Review: What I Thought Was True by Huntley Fitzpatrick

Most people picking up What I Thought Was True have already read Huntley Fitzpatrick's debut novel, My Life Next Door. The deciding factor in picking this one up first was that the Contemporary Lovers Read-a-long group was reading it this month and I hoped to participate in the liveshow. As it turns out, I can't participate anyways. I guess none of this seems to have any value yet, but if this post goes as planned, it should later!

What I Thought Was True is one of those books that I know I read at the right time. For personal reasons... but also because I came out of City of Heavenly Fire a while ago and didn't think I could find another book where I'd be able to sit down and actually read it without thinking about another book or getting bored and wanting to put it down.

I'm happy to report that this got me out of a book hangover just fine. It also managed to tell me a couple of things I needed to hear at this point in my life.

This Young Adult novel is told in Gwen Castle's POV in the summer before her senior year; the summer after her year of a few mistakes boys. She's the daughter of Mike, the restaurant owner, and Lucia, the house-cleaner. She lives with her mom, little brother, grandpa, and cousin in a one-story, two-bedroom house on Seashell island. The biggest divide on the island is of the people that live on the island, and those who own big summer houses on the island. Gwen has lived her whole life on the island, working almost everyday of her life to try and help her mother pay the bills.

Cass Somers has never worked a day in his life until this summer.

This summer, Gwen is trying to get over Cass Somers.

At first I didn't really understand the title, but there are many secrets to be uncovered throughout this book, and Gwen is just trying to understand what is true and false; so the title is actually quite fitting.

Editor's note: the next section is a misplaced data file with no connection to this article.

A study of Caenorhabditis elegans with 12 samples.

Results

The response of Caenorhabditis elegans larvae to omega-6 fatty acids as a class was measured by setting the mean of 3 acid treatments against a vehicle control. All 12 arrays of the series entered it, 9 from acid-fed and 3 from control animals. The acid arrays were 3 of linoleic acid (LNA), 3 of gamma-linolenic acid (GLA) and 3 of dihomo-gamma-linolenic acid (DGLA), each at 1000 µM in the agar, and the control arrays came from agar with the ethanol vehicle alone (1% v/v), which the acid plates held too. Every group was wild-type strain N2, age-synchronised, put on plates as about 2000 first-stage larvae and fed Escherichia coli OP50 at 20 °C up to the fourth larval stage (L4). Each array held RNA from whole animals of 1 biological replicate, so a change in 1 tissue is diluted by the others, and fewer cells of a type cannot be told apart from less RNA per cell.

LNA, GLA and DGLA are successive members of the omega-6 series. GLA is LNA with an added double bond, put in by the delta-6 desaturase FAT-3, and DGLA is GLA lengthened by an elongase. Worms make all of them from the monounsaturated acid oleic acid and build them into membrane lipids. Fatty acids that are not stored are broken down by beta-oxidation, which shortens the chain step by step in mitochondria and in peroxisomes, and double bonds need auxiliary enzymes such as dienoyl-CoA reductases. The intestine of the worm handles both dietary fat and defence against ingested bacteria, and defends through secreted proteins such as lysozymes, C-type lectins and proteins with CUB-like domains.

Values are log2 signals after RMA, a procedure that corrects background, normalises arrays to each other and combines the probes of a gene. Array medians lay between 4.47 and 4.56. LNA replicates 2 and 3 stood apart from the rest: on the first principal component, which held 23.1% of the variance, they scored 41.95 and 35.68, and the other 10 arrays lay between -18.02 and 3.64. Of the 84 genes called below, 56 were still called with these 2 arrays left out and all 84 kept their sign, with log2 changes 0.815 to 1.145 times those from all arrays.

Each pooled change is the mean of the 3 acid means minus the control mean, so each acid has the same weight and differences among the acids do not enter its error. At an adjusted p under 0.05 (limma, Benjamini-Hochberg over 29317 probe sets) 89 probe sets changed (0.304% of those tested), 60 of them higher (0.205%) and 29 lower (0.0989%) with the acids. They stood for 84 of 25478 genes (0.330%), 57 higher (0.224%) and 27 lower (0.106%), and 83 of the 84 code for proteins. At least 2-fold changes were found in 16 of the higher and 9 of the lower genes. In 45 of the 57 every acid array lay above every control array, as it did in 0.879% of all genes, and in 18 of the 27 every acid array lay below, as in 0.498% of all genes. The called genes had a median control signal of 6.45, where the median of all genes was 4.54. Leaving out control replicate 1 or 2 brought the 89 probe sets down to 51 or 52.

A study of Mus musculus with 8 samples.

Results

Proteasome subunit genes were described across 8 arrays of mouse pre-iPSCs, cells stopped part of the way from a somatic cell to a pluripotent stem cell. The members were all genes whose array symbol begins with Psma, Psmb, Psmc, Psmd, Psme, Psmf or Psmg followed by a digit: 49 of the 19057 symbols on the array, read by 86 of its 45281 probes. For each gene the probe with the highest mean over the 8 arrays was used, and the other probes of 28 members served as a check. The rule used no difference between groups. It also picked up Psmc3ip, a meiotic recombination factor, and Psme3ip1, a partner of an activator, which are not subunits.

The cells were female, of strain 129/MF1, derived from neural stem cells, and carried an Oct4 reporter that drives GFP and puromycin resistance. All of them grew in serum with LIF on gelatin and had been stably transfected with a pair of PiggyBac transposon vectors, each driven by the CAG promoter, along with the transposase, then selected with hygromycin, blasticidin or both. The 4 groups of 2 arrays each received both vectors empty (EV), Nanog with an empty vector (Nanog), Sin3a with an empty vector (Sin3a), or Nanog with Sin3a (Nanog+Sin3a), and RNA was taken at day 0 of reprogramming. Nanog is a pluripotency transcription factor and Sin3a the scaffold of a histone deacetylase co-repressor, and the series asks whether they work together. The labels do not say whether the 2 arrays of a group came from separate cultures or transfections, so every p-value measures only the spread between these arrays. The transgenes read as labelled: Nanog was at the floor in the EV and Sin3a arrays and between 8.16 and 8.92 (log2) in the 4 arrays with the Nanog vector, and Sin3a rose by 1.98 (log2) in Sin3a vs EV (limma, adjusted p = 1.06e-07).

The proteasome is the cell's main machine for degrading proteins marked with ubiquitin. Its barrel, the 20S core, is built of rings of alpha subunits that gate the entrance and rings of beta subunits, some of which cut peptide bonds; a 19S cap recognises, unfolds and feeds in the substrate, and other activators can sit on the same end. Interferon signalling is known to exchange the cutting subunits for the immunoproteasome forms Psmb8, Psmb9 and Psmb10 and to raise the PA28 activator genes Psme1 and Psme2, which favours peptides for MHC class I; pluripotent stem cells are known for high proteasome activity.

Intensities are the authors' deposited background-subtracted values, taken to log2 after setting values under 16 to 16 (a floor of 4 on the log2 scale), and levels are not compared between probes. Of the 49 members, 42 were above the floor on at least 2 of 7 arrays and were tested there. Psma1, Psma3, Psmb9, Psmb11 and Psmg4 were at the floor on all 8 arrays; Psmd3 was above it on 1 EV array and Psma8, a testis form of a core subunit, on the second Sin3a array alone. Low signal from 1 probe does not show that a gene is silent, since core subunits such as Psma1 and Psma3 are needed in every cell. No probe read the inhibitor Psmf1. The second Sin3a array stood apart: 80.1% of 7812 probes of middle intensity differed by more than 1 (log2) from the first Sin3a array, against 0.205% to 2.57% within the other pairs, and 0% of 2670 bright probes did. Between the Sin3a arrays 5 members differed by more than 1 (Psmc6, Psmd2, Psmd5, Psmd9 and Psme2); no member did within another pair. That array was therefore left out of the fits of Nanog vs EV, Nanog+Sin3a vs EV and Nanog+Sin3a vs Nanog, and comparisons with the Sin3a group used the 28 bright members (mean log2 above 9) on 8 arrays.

Despite most of the characters being a year younger than me, I could relate to them pretty well in terms of wanting something more for their future. You see this theme a lot in YA novels, but I've never seen it executed in a Chick Lit book. That's where this novel really stands out.

Huntley Fitzpatrick has a particular way of writing that took some getting used to. When I first started reading this novel, all I could think was "what is with all the commas?" I eventually got used to the lack of conjunctions once I was about 30% in.

Something about this novel was very slow. I felt like there was too much time pondering and not enough time actually doing anything. I guess this is what contemporaries are like, but it just felt super slow to me at the beginning. Especially because it takes forever to find out what Gwen's problem is and figure out who each character is. I found it really slow at the end as well; too drawn out and full of unneeded road blocks. I felt like some of the conflict was unnecessary to the theme and just made me want the book to end.

Overall, I thoroughly enjoyed What I Thought Was True (hence the four stars), and I'd recommend it to anyone who loves a good, fluffy romance/contemporary. However, I'll be going into My Life Next Door with high expectations. As you read earlier, most people have read Fitzpatrick's first novel already and enjoyed that one much more, so I hope to be more satisfied with it.

What do I plan on reading/reviewing next? We Were Liars by E. Lockhart. (I was happy to find out that E actually stands for Emily and I finally have an author with the same name as me on my shelf.) As for that review (depending on how my expectations are met), it will most likely go on my YouTube channel!